Action Priority Matrix: What it is and How to use it

Action Priority Matrix

Having multiple tasks to complete at work can be exhausting, especially considering you have limited time and resources. We rarely can clean up all those tasks on our checklist.

But what if you could avoid being overwhelmed with so much work and make the most of your time? Well, you’re in luck!

Prioritizing tasks helps you to maximize productivity and avoid burnout.

There are many methods and tools to help you determine which tasks to finish first, and one technique is the Action Priority Matrix technique.

What is an Action Priority Matrix?

An Action Priority Matrix is a tool to help prioritize tasks and make the most of the limited time, efforts, and opportunities. It is a four-square grid with four categories: Quick Wins, Major Projects, Fill-ins, and Thankless Tasks. 

It groups your activities in a way that helps you know where to focus your team’s time and resources. With that, you are either achieving quick wins to drive momentum or big wins that will bring significant returns for your company.

The Four Categories of an Action Priority Matrix:

Action Priority Matrix
The four quadrants of the Action Priority Matrix

1. Quick Wins (High Impact, Low effort)

These tasks are the most profitable. These activities bring many benefits to your team with little effort and time. Focus on these wins first. 

2. Major Projects (High Impact, High Effort)

These activities are unavoidable. They take a lot of time and energy to finish off but reward you with significant results. Tackle these tasks after finishing your Quick Wins. Try not to let it take too much of your time. 

3. Fill-Ins (Low Impact, Low Effort)

Sometimes you get some hours to spare where there’s not much to do. You can ‘fill in’ those times with these tasks. They’re not a high priority, and delaying them for a bit won’t make any difference. You’d have to clear them anyway, so just make a list of those activities and clear them in your spare time.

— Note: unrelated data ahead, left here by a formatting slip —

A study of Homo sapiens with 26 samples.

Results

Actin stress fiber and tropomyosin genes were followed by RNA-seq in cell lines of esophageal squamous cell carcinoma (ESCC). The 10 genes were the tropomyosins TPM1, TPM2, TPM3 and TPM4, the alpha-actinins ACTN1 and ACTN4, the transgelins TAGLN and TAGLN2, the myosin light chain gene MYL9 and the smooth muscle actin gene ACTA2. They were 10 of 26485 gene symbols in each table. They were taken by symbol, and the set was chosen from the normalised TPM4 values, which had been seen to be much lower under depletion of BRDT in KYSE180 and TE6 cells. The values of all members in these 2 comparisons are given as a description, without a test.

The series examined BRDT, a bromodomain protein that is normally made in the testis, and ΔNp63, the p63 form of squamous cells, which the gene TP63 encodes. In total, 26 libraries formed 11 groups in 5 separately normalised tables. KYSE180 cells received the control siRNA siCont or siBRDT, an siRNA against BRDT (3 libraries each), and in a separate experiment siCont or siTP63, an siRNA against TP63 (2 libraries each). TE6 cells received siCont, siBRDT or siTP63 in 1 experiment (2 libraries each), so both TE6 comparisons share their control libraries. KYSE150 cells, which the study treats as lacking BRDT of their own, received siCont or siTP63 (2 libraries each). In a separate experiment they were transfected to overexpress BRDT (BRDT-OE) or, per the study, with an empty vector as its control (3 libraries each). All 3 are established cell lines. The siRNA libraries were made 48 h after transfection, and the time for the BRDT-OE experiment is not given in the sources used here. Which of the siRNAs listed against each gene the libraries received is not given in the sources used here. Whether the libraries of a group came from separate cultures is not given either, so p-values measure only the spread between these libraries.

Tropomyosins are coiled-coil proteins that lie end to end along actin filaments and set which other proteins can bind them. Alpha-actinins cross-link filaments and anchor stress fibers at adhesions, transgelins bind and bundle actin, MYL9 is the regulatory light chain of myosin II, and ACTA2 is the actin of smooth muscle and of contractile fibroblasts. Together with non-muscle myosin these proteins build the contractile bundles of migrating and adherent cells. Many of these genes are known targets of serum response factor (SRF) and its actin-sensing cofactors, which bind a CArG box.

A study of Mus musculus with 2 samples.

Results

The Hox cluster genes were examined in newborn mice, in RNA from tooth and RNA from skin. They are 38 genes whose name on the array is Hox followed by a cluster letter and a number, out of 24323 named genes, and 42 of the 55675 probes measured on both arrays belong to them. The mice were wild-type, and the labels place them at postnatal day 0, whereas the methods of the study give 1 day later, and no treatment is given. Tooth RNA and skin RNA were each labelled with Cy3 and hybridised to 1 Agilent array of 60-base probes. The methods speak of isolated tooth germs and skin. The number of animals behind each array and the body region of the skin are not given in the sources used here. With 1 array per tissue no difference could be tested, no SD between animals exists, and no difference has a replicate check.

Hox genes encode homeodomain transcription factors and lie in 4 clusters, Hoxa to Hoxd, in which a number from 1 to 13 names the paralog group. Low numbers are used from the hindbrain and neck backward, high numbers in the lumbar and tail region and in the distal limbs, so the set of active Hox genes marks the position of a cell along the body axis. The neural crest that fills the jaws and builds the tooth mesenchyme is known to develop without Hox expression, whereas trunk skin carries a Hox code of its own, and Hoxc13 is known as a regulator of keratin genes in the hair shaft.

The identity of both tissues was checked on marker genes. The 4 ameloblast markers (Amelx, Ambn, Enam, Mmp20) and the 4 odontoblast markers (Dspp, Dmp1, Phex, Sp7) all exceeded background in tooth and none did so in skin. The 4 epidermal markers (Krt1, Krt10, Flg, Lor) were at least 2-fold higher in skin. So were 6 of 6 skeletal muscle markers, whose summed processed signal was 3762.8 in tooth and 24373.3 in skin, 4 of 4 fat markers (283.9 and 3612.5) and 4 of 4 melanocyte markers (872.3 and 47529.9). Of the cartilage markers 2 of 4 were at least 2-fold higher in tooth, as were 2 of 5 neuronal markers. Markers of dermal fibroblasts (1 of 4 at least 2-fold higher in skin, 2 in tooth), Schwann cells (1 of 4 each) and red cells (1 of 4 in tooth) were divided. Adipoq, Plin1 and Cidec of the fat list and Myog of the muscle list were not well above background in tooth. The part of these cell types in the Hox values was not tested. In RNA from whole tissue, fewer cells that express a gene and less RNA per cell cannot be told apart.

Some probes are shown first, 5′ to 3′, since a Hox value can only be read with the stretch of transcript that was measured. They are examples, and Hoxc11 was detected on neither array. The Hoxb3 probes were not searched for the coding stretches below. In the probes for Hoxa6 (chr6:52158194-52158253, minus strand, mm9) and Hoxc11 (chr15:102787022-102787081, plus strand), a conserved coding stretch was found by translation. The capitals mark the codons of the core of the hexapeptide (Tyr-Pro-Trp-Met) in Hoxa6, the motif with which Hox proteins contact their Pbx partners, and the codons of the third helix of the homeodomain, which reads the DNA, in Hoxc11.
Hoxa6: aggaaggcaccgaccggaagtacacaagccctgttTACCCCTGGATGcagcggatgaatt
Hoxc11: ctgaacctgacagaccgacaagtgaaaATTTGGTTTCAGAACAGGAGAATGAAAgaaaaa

4. Thankless Tasks (Low Impact, High Effort)

These tasks are ‘problem tasks.’ They take up so much time and resources and produce little output. If you can, eliminate them. Delegate them to someone. Paying an expert to clear those jobs off your desk also works. 

How can Product Managers Use an Action Priority Matrix?

Product managers can use an Action Priority Matrix to help them prioritize their tasks. You can use the matrix to help break down major projects into smaller tasks that can be more easily completed. 

It can also help identify which tasks are high impact and low effort versus those that are low impact but high effort. For example, assuming you’re working on a SaaS product, working on new product features could fit into Quadrant 2 (Major projects).

Variants of the Tool

There are different styles of the Action Priority Matrix tool. 

  1. The Eisenhower Decision Matrix also uses four squares, with the axes being Importance and Urgency. 
  2. MoSCoW prioritization method stands for Must, Should, Could, Won’t. This method uses five squares: Urgent and Important, Not Urgent but Important, Urgent but Not Important, Not Urgent and Not Important, and finally, Quick Wins.

Conclusion

You don’t need to get stressed because you and your team have your face deep in tasks to finish. You can become more productive by using the Action Priority Matrix to group your tasks in order of importance. Why don’t you give it a try this week?